Judiciary in the making of a new nation

share on:

Many people have described Nigeria as a lawless nation, while others insist that the law is only meant to oppress the poor and protect the government officials and their friends. They insist that the Nigerian judiciary is an appendix of the Colonial government which is meant to protect the interest of former colonial masters and their indigenous allies.

In the last episode we evaluated the role of representatives in Nigeria. We noted that the imposition of the Nigerian constitution turned supposed representatives into accomplices of Nigeria’s socio-economic exploitation.

In this episode, we shall discuss the role of the Judiciary in the making of a better society.

Before we continue, I want to tell us a story. One day God threw several human beings from the sky into a society. They were confronted by the needs and challenges of nature: hunger, thirst, nakedness, no shelter.

So they began searching the environment for resources to satisfy these needs. They saw different fruit trees in the environment that could help them satisfy their needs, and they began to take resources of fruits, leaves and sticks from the trees.

As each of them was taking fruits for their needs, some of them became afraid that (resources) fruits and leaves will finish. So they began to struggle and gather more fruits to hide in their private places. The struggle for fruits degenerated into deadly fights, until one day. They agreed to cooperate among themselves to protect, develop, multiply and distribute the fruits for peace and harmony.

So they agreed and assigned different roles to individuals according to their talents: Planters, pruners, harvesters, storekeepers, processing managers, sharers, distributors and protectors of the society and resources. When they had agreed, they documented the agreed style of distribution of duties and share of fruit resources among themselves.

They handed over the document of their agreement to a respected member of the society, who was called Leviathan. The Leviathan was made to be in charge of interpreting the agreement and judging the people on how they discharge their duties for reward or punishment. When the agreement is not suitable for peace, the Leviathan reviews the agreement and presents to the people to agree for it to be adjusted.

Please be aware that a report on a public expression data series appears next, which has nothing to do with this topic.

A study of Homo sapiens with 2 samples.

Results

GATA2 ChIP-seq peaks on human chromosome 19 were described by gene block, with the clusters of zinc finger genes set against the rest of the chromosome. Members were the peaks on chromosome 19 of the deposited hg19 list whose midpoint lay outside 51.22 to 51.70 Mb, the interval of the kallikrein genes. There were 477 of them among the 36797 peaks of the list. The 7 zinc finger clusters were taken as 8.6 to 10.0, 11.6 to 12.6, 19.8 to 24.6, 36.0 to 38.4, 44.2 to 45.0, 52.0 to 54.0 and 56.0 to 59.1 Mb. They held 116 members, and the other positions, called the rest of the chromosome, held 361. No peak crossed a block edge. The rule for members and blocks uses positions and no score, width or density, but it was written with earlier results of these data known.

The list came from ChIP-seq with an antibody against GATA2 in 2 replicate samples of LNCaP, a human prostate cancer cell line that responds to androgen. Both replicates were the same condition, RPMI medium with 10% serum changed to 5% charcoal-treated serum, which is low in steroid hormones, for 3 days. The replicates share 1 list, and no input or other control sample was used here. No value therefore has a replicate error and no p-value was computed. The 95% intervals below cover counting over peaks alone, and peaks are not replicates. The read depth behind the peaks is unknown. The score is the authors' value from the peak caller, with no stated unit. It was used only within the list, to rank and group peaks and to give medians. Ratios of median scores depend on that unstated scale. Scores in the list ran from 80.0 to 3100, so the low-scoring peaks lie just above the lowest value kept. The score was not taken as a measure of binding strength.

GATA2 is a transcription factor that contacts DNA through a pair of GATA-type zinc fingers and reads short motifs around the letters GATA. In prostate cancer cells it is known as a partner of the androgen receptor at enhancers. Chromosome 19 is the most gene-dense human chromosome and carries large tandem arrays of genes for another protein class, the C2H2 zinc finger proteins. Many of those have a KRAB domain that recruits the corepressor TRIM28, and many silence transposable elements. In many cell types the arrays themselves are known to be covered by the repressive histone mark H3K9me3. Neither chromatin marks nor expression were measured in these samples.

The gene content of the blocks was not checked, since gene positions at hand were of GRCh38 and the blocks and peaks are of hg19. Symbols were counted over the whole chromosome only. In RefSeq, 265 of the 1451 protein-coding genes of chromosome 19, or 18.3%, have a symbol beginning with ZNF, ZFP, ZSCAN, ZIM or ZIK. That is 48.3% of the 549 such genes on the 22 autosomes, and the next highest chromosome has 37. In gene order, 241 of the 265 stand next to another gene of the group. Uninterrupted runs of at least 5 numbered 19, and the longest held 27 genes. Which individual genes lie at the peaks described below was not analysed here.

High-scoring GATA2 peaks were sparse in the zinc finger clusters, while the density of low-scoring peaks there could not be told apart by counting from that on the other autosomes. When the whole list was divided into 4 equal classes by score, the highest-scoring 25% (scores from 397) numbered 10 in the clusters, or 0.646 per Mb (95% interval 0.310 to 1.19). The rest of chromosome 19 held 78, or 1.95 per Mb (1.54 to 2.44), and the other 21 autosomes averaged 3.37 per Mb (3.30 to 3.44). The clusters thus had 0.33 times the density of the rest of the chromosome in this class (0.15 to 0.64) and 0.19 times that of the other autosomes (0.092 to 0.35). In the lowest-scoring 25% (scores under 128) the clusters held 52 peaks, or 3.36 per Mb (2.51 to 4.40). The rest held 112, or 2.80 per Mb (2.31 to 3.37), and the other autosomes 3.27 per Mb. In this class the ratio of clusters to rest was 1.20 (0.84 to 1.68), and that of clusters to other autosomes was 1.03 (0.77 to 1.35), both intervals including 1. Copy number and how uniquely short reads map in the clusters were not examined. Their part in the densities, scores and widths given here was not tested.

Law, in a democratic society, is a codified agreement between different members of the society about their future obligations and rights for common good in their society. This agreement is handed over to a group of honorable members of the society known as judiciary. They gather to interpret the agreement and to judge the faithfulness of the people to their own agreement. Also, the judiciary reviews the laws and advices the people to discuss and make necessary amendments for justice and peace. The Court is thus a creation of the people for gathering and function of the judiciary.


Unfortunately the process of national formation was different in Nigeria, because there was never an agreement between the ethnic communities that make up Nigeria. This absence of the people’s agreement in the formation of Nigeria gave birth to disunity, crisis and underdevelopment.

What is the Nigerian law like? Nigeria’s laws, which derive from the Nigerian constitution, are convenient conjectures of the colonially-made political offices. This is not in any way similar to true democratic societies where law is an agreement of the people. However, the Nigerian constitution has been used in resolving several cases since its inception.

Are the people above the law? Once a law has been legitimately made, no individual or group of persons is above the law. However, since the law is a product of agreement by reasonable people, a legitimate law is not above the people that made it. Instead they can be changed or removed by the people according to new reasons of enlightenment. But when the constitution has not come from the people, the people can decide to discuss and make a new constitution for themselves.

What is Judiciary: judiciary is the custodian of the people’s agreement. They are ministers appointed by the society to interpret and review the people’s agreement, and to use the people’s agreement to examine and resolve individual cases.

Should the Judiciary just accept anything sent to them as people’s agreement without questioning it? No, The Judiciary has to evaluate the legitimacy of the agreement. This is to check whether the agreement was made from freewill and complete disclosure of all necessary information. Also, the judiciary reviews and expounds the people’s agreements to be able to resolve wider scope of cases in the society.

Should the judiciary reject or oppose a constitution on grounds of illegitimacy? No, the judiciary cannot reject the constitution that created their office. The people themselves are the ones to convene a national conference, where they discuss constitutional issues before agreeing.

Hence, a new constitution has to come from the agreement of the ethnic communities in Nigeria. This agreement remains necessary to validate even the first sentence of the Nigerian constitution, ‘we the people of the Federal Republic of Nigeria’.